African states have created the environment in their home countries that have made their citizenry so desperate and hopeless to want out



The recent events in Libya are not just disgusting but utterly dehumanising.

While Africa thinks it has made tremendous progress against black enslavement, slave trade in its most savage of forms rears its ugly head once again from its own backyard. It’s shameful. It’s retrogressive. It calls for paradigm shifts.

That in this age and time, when so much effort, time, resource and lives have been lost, invested and commensurate gains achieved in terms of human rights, slavery can happen and especially within the continent that has suffered most, is shameful and calls for deeper introspection.

The expose showing men and women, who have braved harsh conditions and are willing to risk their lives to cross Mediterranean to pursue at least a honorable life, are being traded for $400 to serve as sex and sweat slaves is the epitome of the lowest form of human scam.

This needs to be stopped pronto!

Ever since NATO invaded Libya and toppled its leader Muammar Gaddaffi, Libya has been on a free fall. Descending from one of the most developed and promising countries in Africa to a dysfunctional and completely insecure state.

Libya now poses a great threat not just to the region but to the world at large. The humanitarian crisis in Libya is unimaginable.

NATO owes not just an apology but an obligation to ensure a reset to normalcy happens in Libya. Its invasion of the northern African state is the seed that pushed Libya to degenerate into a rogue, lawless and mad state.

Of all African states, it is perplexing that Libya, once a shining light on African unity, rise and promise, has fallen into the darkest of times.

But African states are also not without blame. They have played a key role in this tragedy.

First, they failed to proactively prevent the toppling of Gadaffi.

Secondly, African states have created the environment in their home countries that have made their citizenry so desperate and hopeless to want out.

This has created a crisis of catastrophic proportions borne out of the fact that; a majority of youth who form Africa’s largest population cohort are unemployed, those trying to question the powers that be are branded unpatriotic deviants and the presence of needless civil strife, political unrest across the continent resulting in stagnating or dead economies.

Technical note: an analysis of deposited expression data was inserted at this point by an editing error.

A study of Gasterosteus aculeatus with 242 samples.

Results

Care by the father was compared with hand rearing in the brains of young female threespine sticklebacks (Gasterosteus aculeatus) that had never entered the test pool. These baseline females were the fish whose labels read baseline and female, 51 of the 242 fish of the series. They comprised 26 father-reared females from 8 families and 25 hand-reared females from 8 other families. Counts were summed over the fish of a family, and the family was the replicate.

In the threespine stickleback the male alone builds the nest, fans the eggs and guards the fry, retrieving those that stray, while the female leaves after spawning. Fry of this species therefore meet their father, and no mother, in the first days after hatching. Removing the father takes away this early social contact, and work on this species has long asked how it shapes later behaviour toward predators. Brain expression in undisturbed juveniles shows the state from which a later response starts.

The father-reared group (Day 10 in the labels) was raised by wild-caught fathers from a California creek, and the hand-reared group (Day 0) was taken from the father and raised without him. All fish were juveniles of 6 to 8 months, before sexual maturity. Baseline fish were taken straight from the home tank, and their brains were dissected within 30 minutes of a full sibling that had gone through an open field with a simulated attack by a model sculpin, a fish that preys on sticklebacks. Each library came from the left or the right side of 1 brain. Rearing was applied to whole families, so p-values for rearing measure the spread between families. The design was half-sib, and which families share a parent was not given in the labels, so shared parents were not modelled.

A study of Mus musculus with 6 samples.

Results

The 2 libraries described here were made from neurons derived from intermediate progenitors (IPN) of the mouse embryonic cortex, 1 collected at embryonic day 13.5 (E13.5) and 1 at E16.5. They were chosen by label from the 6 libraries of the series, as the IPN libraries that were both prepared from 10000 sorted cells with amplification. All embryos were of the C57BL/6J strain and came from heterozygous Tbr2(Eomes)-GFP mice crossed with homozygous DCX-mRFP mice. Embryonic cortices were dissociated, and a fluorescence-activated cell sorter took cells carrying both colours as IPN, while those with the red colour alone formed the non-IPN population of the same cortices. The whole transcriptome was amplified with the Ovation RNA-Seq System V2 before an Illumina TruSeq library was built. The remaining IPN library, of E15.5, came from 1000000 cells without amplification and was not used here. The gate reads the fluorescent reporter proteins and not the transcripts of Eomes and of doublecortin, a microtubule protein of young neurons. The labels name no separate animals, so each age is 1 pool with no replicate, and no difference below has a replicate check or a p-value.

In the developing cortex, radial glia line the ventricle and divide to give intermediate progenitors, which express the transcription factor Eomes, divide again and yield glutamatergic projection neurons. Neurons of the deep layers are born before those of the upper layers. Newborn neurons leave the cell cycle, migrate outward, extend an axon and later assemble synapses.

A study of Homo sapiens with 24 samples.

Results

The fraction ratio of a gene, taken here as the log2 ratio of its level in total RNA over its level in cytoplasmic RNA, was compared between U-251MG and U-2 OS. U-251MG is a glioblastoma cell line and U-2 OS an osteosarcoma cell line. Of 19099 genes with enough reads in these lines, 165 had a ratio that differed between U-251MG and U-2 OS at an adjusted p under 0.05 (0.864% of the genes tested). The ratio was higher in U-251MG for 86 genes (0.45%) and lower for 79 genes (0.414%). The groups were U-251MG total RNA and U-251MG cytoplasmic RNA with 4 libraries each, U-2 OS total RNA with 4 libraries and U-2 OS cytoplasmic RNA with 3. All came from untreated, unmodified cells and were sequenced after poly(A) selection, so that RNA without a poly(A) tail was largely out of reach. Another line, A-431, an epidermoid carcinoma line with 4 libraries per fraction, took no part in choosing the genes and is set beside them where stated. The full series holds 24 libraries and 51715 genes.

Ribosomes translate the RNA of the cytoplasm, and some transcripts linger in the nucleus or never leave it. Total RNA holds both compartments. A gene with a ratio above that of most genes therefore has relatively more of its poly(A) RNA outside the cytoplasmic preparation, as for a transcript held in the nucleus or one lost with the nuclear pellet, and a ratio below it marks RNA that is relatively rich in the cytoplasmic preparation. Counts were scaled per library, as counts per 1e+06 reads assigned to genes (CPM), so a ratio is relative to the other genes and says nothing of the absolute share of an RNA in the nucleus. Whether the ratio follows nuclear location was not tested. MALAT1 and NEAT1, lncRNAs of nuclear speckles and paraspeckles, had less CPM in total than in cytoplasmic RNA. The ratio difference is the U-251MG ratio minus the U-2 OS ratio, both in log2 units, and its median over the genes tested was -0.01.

Thirdly, the African continent has failed to leverage its resources, youthful population and cheap labor to its advantage.

READ: Youth turn to sex to soothe election pain

Rather it has created crony capitalistic systems that thrive on extortion and exploitation, redacted pieces of its history to suit powers that be and sought to create and propel blind sycophancy rather than intellectualism.

In a nutshell, Africa, to paraphrase the late Nigerian writer Ken Saro-Wiwa, has killed its own sun. Thus, Africa needs to get its act together and craft its own hope, future and destiny.

The world powers, despite their direct or indirect contributions to the crisis, have given this gross humanitarian crisis a wide berth in terms of proactive engagement. They have instead dwelled on “..condemn. utterly dismayed..” and other polemics which add no value towards stopping this humanitarian crisis. Thus, its time the world woke up and faced these tough realities of dehumanisation.

This Libyan horror story needs to end. And now!



  1. Muchiri

    December 8, 2017 at 5:44 pm

    What NATO and the west does is to topple regimes in the third world that are growing fast and could pose a competition to them. Coz for the superpowers to thrive, they must destabilize the rising economies, they did it in Somalia, Iraq, Libya and they can do it even in East Africa, we better watch out.

  2. Gabriel

    December 11, 2017 at 6:39 am

    When you say Nato owes us an apology for invading Libya I think you are speaking out of ignorance…do you know why they invaded? Kindly go and research at the time of the air invasion…what was happening to Libyans. Do you think it was just peaceful and then Nato hit…Gadaffi had turned against his citizens. I just hope you didn’t form an opinion from a documentary you watched.
    Sometimes we in Africa have a ‘protect your baby syndrome’ when talking about our leaders and forget the atrocities committed that warrant their intervention.

    When the west stood aside and watched as Rwanda burn(genocide)-we complained, when they intervened in Libya-we blindly complain.